When auto writers drive test cars, they’re usually loaned out from carmakers’ regional fleets.
So when we asked for an 2012 Nissan Versa sedan to test over a four-day weekend, following our in May, the car we got seemed rather familiar.
It was, in fact, the exact same car. Or at least an identically equipped model in the same color (we forgot to check the VINs).
Our drive, which covered almost exactly 300 miles, gave us an overall gas mileage of 33.3 miles per gallon–right in line with the car’s EPA combined rating of 33 mpg (30 mpg city, 38 mpg highway). As usual, our trip was about two-thirds highway miles and one-third local traffic.
The 2012 Versa sedan is all-new, and while it’s marketed as a subcompact, it has more rear-seat room than pretty much any other subcompact. Measured on interior space alone, this car can be viewed as a viable competitor for larger and pricier compact sedans.
But the Versa is marketed as an inexpensive car, with the base-level 1.6 S starting at a remarkable $10,990 with a five-speed manual transmission.
Our Versa SL high-level model, as tested, came in a whopping $6,200 higher, including a continuously-variable transmission (CVT) and convenience features like power windows and mirrors.
That transmission, the first of a new generation of Nissan’s CVT, is a mixed blessing. It clearly helps with fuel efficiency, by matching the most efficient engine speed to the power demands.
But as with all such transmissions, the disconnect between engine noise and road speed can be disconcerting to new drivers.
The Versa is mostly quiet to travel in, but under maximum acceleration, the engine howls while the car appears to gather speed fairly slowly.
We didn’t test acceleration times, but we certainly noticed that we had to floor the accelerator to maintain speed on hills.
It also lurched occasionally in quick power-on, power-off transitions, something we haven’t experienced in previous Nissan CVTs.
The electric power steering works fine, but is relatively numb. On the other hand, this isn’t a car people buy for its handling or roadholding.
2012 Nissan Versa Sedan
Styling both inside and out is rounded, with the small wheels giving this long subcompact an elongated, tall appearance that looks slightly out of scale.
Sitting behind the wheel, the driver’s seat feels slightly plumped up and round. That’s the opposite of another car we happened to test, whose heavily bolstered seats held riders firmly in place.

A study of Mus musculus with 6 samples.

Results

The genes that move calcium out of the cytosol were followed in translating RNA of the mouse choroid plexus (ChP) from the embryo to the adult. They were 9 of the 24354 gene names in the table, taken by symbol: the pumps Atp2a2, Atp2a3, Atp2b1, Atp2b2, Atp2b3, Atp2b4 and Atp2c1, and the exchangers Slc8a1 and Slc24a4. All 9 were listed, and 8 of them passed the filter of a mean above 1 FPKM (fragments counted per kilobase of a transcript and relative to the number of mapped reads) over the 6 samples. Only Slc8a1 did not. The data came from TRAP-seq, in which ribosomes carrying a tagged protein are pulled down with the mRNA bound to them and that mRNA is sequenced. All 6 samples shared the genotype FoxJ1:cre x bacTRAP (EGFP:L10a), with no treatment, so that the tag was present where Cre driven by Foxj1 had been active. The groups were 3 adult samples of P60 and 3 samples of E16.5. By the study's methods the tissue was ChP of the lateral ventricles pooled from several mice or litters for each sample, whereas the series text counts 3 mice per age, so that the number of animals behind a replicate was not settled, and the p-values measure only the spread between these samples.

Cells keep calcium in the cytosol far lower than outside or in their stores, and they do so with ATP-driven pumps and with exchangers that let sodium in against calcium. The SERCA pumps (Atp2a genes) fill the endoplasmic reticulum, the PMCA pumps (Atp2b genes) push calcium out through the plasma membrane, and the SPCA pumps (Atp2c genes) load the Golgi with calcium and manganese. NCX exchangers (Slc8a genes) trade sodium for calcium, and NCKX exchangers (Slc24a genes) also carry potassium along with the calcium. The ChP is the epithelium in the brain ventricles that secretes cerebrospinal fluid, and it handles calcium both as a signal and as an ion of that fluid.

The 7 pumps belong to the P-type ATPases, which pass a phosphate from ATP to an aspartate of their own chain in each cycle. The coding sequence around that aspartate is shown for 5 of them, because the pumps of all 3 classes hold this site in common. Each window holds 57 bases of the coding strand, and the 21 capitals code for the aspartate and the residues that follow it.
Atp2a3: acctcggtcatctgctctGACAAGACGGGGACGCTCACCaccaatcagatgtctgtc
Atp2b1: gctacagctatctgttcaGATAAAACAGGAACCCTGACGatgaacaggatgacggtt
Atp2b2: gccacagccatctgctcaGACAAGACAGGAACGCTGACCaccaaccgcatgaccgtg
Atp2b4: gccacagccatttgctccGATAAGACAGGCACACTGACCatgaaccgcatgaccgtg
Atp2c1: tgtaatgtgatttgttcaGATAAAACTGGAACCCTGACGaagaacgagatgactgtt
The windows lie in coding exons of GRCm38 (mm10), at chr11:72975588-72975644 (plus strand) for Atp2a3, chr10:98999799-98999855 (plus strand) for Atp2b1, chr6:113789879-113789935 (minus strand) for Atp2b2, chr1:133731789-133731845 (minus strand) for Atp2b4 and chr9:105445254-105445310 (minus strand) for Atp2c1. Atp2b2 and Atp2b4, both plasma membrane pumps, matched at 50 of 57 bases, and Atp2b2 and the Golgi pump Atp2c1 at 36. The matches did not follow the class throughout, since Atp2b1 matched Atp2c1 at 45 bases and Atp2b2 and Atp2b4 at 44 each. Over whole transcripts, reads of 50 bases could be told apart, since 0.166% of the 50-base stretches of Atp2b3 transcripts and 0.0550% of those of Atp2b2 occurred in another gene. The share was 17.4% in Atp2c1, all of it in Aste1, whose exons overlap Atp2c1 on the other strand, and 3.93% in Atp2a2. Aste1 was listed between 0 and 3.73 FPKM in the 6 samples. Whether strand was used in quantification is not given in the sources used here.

The dashboard is made entirely of hard plastics, but Nissan has textured and styled them in such a way that it doesn’t look cheap–unlike, for instance, the grim-looking surfaces of the 2012 Honda Civic.
The main instrument cluster and major controls are easily usable, and despite its small screen size, the optional navigation system worked well.
Still, we found some secondary controls to be oddly placed. While the inside trunk-lid release is a lever on the floor next to the driver’s seat, the fuel-filler release button is at the extreme bottom of the dash–above the driver’s ankles and completely invisible when sitting at the wheel.
While the quality of our Versa was generally good, the power door-mirror switch on the dash was atrocious. It felt like a cheap Chinese toy, with light presses having no effect and a harder push suddenly yawing the mirror past where we intended.
It literally took a couple of minutes to get the mirrors properly adjusted–versus, what, 15 seconds all told in other cars?
The test car, a 2012 Nissan Versa 1.6 SL, had a sticker of $17,190, including a mandatory $760 delivery fee. The Versa SL includes 15-inch alloy wheels, a 60/40 split folding seat back in the rear, audio controls on the steering wheel, and iPod control and Bluetooth audio connectivity.
That’s a base price of $15,560, plus a $700 technology package with a navigation system using a 5-inch in-dash display, satellite radio, and a USB connection, plus carpeted mats for the floors and trunk ($170).